From the tundra to the battlefield
Adventurous life of Eddy Weetaltuk, the first Inuk soldier, preserved in memoirs
As a teen, Eddy Weetaltuk wanted desperately to leave his beloved home in the North.
He’d survived the 1930s, when his large Inuit family was struggling through a famine while living on islands in James Bay. Three of his sisters died of tuberculosis, and Weetaltuk grew up learning to hide his hunger in order to ease his parents’ worries.
Despite strong attachments to family, Weetaltuk decided he wanted a better life. So, at age 19, he changed his last name to disguise his Inuit origins and joined the army.
The decision later became the backbone of Weetaltuk’s still unpublished book. Weetaltuk, a respected elder and Korean War veteran, finished editing his diary entries with the help of a sociology professor, just before he died of a heart attack in Umiujaq in late February. He was 73.
According to a draft of his writings, Weetaltuk believed it was illegal for Inuit to join the armed forces because the government wanted them to stay in the North.
Although military historians claim no such policy exist, Weetaltuk’s career became an example for other Inuit, not to let anything get in the way of their dreams.
“He always said ‘Inuit belong in this world’,” his nephew Anthony Ittoshat recalled in a recent interview. “He said ‘we’re just as able as anyone else.'”
Weetaltuk’s book is tentatively called From the Tundra to the Battlefield: Memories of the First Known Canadian Inuit Soldier. The 200-page manuscript is under review by the McGill University Press, through the direction of his estate and his supporting author, Thibault Martin.
The final product is expected to paint an intimate picture of Weetaltuk’s upbringing in traditional camps around James Bay, and the military career that took him overseas.
Weetaltuk was the grandson of George Weetaltuk, one of Robert Flaherty’s guides for filming the famous documentary, Nanook of the North, along Hudson Bay. He spent time with his grandfather after the family moved by dog team from his birthplace, Strutton Island, to Cape Hope Island.
The family of 13 subsisted on hunting and trading silver fox furs for credit to buy supplies at the Hudson Bay store in the Cree village of East Main. While fishing at the nearby village of Old Factory, they agreed with a missionary to send Weetaltuk and a brother to residential school at Fort George.
Weetaltuk’s friends said he later recalled the Oblates with affection. He said he freely converted to Catholicism, although most Inuit were Anglican. And, in about 10 years, Weetaltuk mastered English, French and Latin, which he added to his other two languages, Cree and Inuktitut.
Most of all, Weetaltuk credits one of his mentors, Brother D’Amour, for inspiring him to go south in search of work.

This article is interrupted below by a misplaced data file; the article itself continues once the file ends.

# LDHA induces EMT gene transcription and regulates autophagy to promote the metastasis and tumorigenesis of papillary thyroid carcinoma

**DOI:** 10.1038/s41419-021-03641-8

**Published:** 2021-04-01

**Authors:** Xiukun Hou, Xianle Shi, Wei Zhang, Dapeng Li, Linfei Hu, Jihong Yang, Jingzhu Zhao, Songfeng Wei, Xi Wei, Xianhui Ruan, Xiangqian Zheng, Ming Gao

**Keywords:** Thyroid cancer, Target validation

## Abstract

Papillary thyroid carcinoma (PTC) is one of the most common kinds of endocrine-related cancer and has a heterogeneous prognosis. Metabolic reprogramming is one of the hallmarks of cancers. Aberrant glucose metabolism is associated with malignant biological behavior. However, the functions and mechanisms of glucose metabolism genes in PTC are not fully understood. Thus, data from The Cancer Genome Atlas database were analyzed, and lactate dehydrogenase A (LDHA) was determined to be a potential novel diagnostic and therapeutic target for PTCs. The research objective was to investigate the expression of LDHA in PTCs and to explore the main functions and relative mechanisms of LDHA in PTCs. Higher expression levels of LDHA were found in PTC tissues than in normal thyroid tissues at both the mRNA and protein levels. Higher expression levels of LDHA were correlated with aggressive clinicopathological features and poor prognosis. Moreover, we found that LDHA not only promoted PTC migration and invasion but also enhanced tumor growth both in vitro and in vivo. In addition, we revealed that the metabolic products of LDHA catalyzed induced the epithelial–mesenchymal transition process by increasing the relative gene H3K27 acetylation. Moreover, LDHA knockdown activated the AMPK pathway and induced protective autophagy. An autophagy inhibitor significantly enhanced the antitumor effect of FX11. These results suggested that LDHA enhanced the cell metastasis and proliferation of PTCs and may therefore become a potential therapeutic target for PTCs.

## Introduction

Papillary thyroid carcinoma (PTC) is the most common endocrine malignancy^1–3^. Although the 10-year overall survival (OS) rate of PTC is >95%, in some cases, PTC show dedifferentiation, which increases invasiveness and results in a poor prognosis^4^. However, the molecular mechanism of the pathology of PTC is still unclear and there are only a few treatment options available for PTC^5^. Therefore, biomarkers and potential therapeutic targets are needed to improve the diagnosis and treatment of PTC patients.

With a fake social insurance card in hand, Weetaltuk went to Ottawa and joined the first battalion of Princess Patricia’s Canadian Light Infantry. For the next 17 years, he went by the assumed name of Eddy Vital.
Weetaltuk quickly impressed his superiors in training and on the battlefield, and became known for his sharp eyesight in rough conditions.
In his book, Weetaltuk casts both a critical and flattering light on his years in the army. He witnessed gruesome bloodshed on the frontlines in Korea, including war crimes. Weetaltuk recalls a soldier on his side shooting a North Korean medic while he was picking up his dead and injured comrades.
His book also takes aim at soldiers’ off-duty behaviour. A deeply religious man in later years, Weetaltuk spent his youth with the other soldiers in the brothels of Canada, Japan, and even Korean villages near the front line. At one hut, Weektaltuk was offered an eight-year-old girl, called a “favourite” of the American soldiers.
But Weetaltuk praised the army for treating him as an equal.
“He saw Canadian mainstream society had little respect for indigenous people,” said Martin, who helped with the memoirs.
“In the army, he had the feeling that he was judged by what he did and not what he looked like.”
After the war was over, Weetaltuk trained as a parachutist in Manitoba and did tours of duty at a military base in Germany. While in Europe, Weetaltuk fell in love with a German factory worker.
Weetaltuk wrote that the relationship failed because he was scared to tell the woman about his origins as an Inuk from a poor family in Canada.
After being decommissioned, Weetaltuk moved to Kuujjuarapik and briefly married a schoolteacher. He later moved to Umiujaq after his house burned down, destroying his army medals and uniform.
Weetaltuk was considered Canada’s first Inuk soldier. Military records show that Inuit from Labrador fought with the Canadian Armed Forces in the Second World War, but that was before the territory joined confederation in 1949.